In case you or someone you know needs a little levity or pick-me-up today, might I suggest what might be the cutest thing that’s ever aired on television: a little girl named Joey and Kermit the Frog saying the alphabet.

Discussion  6 comments

Drew McManus Edited

Amazing how many of these bits are stored deep inside my brain. I recall seeing this on Sesame Street many times when I was very small. I do not think I have seen it since, yet I still could anticipate each time she was going to say “Cookie Monster!”. Sesame Street started when I was about two years old, and my parents used to joke that I had it memorized (I guess that turns out not to be a joke!).

Side note: I also had a subscription to Sesame Street magazine from issue #1 until I’m-not-sure-when. For many years those issues were all stored in a closet at my parents’ house. I have no idea what happened to them—long gone now.

Chris Pultz

I'd love a follow-up on the young lady in this clip - or many other clips like this. Like Drew said above, these yound people are wedged in my brain from my own youth, and I am curious what became of them as they grew up?

Caroline G.

Your comment reminded me of this video of John John counting with Herry where they show him as a kid and then as a young adult.

Matthew Battles

I was struck by this watching the Henson documentary on Disney: there is this sense among Gen-Xers that our parents left us to our own devices. But these shows—Sesame Street, Mr. Roger's Neighborhood, Electric Company, and a few others—took kids seriously as human beings. Between the patronizing and infantilization of archaic children's television and its algorithmic commodification, there was a brief humanistic era. That's a very coarse reading, for sure.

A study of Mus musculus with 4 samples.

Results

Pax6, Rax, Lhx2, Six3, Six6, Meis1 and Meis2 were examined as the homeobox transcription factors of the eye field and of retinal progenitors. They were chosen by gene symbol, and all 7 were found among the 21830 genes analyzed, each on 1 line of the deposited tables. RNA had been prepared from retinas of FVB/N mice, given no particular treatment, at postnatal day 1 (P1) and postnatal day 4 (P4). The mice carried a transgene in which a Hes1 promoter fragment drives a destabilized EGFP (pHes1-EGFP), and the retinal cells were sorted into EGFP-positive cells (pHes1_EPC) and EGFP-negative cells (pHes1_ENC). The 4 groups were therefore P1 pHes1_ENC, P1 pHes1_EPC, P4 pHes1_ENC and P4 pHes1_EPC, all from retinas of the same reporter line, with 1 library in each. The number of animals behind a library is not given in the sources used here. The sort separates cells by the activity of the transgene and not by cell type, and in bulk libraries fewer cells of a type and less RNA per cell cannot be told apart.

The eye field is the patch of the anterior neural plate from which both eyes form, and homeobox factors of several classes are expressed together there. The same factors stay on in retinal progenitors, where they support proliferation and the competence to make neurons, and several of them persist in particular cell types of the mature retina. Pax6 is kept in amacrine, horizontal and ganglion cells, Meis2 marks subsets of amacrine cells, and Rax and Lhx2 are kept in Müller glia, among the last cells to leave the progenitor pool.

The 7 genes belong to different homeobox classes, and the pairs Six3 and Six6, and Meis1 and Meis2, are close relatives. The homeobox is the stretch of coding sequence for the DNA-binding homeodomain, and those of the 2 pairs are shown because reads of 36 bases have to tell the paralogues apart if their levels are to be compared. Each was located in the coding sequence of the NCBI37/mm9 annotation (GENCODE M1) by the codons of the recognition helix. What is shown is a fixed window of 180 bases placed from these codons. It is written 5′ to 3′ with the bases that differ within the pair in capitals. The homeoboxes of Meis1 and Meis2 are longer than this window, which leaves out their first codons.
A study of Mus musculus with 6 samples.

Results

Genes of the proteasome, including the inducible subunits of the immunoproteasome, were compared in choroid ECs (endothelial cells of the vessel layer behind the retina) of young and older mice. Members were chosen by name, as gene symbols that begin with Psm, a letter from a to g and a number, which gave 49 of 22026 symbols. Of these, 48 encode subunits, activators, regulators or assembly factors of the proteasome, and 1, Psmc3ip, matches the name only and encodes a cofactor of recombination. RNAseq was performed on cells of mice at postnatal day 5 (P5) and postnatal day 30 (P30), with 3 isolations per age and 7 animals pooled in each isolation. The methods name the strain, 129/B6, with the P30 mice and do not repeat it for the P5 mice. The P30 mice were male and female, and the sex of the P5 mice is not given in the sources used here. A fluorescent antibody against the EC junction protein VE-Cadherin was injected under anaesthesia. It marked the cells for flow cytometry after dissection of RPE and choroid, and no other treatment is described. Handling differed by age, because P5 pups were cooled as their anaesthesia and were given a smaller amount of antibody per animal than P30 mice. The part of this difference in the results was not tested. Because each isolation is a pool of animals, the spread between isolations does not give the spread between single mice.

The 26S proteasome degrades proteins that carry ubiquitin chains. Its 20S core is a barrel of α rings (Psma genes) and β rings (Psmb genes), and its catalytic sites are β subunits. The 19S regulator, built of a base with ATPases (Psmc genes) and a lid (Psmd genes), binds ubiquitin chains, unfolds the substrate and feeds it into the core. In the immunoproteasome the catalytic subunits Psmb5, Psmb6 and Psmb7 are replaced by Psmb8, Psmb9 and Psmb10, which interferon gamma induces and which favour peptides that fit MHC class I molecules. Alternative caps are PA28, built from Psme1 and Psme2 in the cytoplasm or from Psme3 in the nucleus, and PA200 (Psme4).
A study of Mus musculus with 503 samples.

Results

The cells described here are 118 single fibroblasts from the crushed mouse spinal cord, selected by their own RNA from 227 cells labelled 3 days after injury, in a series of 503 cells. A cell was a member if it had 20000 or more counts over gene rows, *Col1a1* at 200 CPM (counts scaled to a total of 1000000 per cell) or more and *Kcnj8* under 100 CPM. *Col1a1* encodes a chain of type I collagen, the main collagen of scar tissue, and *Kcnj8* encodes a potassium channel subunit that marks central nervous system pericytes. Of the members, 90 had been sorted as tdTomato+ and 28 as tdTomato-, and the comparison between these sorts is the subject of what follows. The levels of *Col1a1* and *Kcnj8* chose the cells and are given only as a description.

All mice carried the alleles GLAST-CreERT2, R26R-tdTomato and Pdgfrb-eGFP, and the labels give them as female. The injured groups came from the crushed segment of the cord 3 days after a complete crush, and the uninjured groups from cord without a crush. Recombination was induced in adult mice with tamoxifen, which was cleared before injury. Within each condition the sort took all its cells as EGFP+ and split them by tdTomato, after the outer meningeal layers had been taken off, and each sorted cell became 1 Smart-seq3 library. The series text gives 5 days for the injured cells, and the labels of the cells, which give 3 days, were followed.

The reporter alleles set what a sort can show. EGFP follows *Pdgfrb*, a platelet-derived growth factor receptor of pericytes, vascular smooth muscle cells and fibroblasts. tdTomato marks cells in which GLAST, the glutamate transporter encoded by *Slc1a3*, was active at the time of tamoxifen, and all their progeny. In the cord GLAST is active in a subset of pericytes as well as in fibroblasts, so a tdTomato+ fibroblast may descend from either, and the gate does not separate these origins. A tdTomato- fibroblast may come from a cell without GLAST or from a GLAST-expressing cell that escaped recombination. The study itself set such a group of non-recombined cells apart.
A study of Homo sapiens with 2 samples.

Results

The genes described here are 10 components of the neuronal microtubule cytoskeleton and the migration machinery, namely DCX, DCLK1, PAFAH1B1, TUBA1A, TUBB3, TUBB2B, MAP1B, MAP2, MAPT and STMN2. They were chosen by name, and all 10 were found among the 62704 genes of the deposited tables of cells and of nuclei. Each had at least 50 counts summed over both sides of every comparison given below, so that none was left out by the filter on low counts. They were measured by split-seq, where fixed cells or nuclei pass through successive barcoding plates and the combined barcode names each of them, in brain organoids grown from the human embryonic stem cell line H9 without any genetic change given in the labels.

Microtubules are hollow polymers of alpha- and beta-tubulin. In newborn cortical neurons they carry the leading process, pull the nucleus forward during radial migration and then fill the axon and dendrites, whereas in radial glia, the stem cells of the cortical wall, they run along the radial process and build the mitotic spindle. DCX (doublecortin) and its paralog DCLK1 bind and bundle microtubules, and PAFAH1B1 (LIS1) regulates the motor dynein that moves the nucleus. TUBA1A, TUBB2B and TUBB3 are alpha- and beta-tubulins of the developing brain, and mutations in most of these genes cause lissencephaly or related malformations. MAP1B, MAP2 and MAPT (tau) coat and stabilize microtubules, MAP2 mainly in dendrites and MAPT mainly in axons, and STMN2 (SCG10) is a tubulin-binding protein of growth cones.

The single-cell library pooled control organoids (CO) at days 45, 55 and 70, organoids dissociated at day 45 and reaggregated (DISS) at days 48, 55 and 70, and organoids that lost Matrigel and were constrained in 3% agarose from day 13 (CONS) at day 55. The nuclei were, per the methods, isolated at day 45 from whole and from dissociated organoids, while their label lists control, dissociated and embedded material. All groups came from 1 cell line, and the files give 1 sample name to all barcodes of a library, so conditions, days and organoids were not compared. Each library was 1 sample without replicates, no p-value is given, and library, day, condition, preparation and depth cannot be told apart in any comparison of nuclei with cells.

Reply in this thread

Dirk Bergstrom

That's the most wholesome thing I've seen in weeks. Thank you.

Tim Gerdes Edited

One of the things that always struck me about the Muppets is that they're kind of like Santa Claus for adults. It's not particularly surprising that small children interact with the characters, not the performers. It's a testament to the characters Jim Henson and his merry band of misfits created that adults so easily forget the performer and interact with the characters. Muppets have hosted talk shows, gone to the White House, and performed in concert and people just accept and interact with them as if they're real. That is a rare and beautiful thing.